Friday, March 25, 2011

Is There Something in the Water?

 I know about four sets of twins, and I can guess that everyone else knows about that many, too. But what if you lived in a town where about 20% of the people you knew had a twin? According to a report in The New York Times, in the small village of São Pedro this is the case.

For years, so many twins have been born in the small southern Brazilian town of Cândido Godói that residents wonder whether something mysterious lurks in the water, or even if Josef Mengele, the Nazi physician known as the Angel of Death, conducted experiments on the women there.

But a group of scientists now says it can rule out such long-rumored possibilities. Ursula Matte, a geneticist in Porto Alegre, Brazil, said a series of DNA tests conducted on about 30 families since 2009 found that a specific gene in the population of Cândido Godói appears more frequently in mothers of twins than in those without.

The phenomenon is compounded by a high level of inbreeding among the population, which is composed almost entirely of German-speaking immigrants, she said. “We analyzed six genes and found one gene that confirms, in this population, a predisposition to the birth of twins,” Dr. Matte said.

In biology class, you learn that genes control everything from hair color to diseases you may have. They also control your offspring, including if you are prone to having twins or not. But to find this gene in so many women in a small community raises the question of whether it was inbreeding or maybe a dominant or linked gene that caused this spike in twins? The scientists in this article credit the increased twin birth rate with inbreeding, but this has been going on for almost a hundred years. I feel like this gene would have died out or mutated by now; which would lead me to believe that the gene may be dominant or link to a dominate trait.

It was especially high in São Pedro, a village of about 350 residents that is part of Cândido Godói. Dr. Matte found that from 1990 to 1994, 10 percent of the births in São Pedro were twins, compared with less than 1 percent for Brazil as a whole.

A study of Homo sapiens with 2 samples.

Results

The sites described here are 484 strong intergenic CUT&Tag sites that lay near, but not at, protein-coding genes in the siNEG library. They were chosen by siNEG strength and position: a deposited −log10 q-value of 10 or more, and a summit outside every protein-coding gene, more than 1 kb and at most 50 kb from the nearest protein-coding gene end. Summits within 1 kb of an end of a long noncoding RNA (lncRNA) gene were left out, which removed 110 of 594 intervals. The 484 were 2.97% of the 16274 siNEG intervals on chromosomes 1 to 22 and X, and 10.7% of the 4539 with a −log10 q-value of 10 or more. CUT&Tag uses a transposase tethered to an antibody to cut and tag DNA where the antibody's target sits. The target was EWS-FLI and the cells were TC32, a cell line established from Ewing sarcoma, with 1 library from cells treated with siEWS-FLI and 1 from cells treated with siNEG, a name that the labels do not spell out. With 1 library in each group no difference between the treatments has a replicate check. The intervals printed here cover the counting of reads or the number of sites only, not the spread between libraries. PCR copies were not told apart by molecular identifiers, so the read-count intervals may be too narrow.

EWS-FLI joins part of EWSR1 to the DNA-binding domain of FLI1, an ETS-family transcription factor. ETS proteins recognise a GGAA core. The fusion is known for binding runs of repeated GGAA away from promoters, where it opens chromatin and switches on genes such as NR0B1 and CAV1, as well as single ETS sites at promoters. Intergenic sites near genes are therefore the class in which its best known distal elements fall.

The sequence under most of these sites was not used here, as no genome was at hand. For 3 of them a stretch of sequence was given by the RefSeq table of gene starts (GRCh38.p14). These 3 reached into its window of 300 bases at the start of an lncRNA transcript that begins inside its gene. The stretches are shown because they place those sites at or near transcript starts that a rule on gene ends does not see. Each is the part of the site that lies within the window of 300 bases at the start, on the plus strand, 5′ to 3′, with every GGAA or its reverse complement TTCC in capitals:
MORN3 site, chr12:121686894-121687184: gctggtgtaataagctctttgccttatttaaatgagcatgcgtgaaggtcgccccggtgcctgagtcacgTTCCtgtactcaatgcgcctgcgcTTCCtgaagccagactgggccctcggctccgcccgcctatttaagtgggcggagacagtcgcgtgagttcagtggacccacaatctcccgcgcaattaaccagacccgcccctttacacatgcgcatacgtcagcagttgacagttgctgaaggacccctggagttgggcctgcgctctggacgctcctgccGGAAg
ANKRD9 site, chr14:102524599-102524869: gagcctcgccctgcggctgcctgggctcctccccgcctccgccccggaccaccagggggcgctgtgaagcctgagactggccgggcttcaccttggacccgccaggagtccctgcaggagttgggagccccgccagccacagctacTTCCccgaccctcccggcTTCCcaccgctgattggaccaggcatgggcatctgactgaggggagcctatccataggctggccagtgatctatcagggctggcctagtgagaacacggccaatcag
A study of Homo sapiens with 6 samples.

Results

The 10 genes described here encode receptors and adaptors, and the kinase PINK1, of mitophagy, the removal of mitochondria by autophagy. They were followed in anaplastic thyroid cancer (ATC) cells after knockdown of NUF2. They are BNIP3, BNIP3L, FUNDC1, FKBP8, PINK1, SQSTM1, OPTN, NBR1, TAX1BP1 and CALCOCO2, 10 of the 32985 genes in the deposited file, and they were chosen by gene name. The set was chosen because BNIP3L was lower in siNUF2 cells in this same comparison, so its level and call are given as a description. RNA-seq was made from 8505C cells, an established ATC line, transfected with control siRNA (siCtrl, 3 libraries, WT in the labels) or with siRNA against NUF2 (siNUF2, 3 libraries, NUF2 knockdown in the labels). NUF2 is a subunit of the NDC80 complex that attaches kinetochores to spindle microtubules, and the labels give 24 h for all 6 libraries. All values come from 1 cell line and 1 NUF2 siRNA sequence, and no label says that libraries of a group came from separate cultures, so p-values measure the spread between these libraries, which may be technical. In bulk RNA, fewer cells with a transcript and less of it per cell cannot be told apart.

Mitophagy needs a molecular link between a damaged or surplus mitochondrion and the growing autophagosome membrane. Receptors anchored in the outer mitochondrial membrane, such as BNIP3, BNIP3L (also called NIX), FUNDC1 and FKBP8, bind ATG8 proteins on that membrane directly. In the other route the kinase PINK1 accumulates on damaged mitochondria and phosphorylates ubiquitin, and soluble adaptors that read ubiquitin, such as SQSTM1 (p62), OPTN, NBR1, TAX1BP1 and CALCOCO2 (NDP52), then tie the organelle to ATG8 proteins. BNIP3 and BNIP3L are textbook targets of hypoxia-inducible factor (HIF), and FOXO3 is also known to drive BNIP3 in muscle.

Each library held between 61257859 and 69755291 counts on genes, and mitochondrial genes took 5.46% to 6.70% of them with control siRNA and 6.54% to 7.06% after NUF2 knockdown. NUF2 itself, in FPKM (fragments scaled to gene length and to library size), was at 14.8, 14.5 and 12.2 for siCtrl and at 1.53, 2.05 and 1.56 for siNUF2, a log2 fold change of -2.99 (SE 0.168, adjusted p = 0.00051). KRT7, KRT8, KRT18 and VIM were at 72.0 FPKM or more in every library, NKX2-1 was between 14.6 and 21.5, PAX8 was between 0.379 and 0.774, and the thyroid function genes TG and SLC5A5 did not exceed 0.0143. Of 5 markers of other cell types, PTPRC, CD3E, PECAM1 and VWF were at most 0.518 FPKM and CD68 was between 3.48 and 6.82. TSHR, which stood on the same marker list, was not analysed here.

The high concentration of twins has stirred outlandish theories.  An Argentine journalist suggested in a 2008 book that Mengele conducted experiments on women in Cândido Godói that resulted in a baby boom of twins, many of whom have blond hair and light-colored eyes. But the study led by Dr. Matte analyzed 6,615 baptism certificates dating back 80 years in the predominantly Roman Catholic town and found that the twins phenomenon existed in the 1930s, “long before Mengele’s period,” she said.

Her team of 20 researchers also analyzed the town’s water supply — residents believe a mysterious mineral may be responsible for the high rate of twin births — and uncovered no abnormalities.

While studying the baptism certificates, the scientists confirmed that the highest concentration of twins has been in São Pedro, with 33 pairs out of 436 births from 1959 to 2008, all living in a one-and-a-half-square-mile area. “With a small population of about 80 families, it was a challenge to find women that did not have twins within a first-degree relation,” Dr. Matte said. The scientists believe that a small number of immigrant families living in São Pedro may have brought the variant gene to the region. 

Even though this village now has this information, I do not think it will change their way of life. The twin population in São Pedro will most likely continue to grow. Maybe one day the village of São Pedro will be in the record books for village with the greatest population of twins.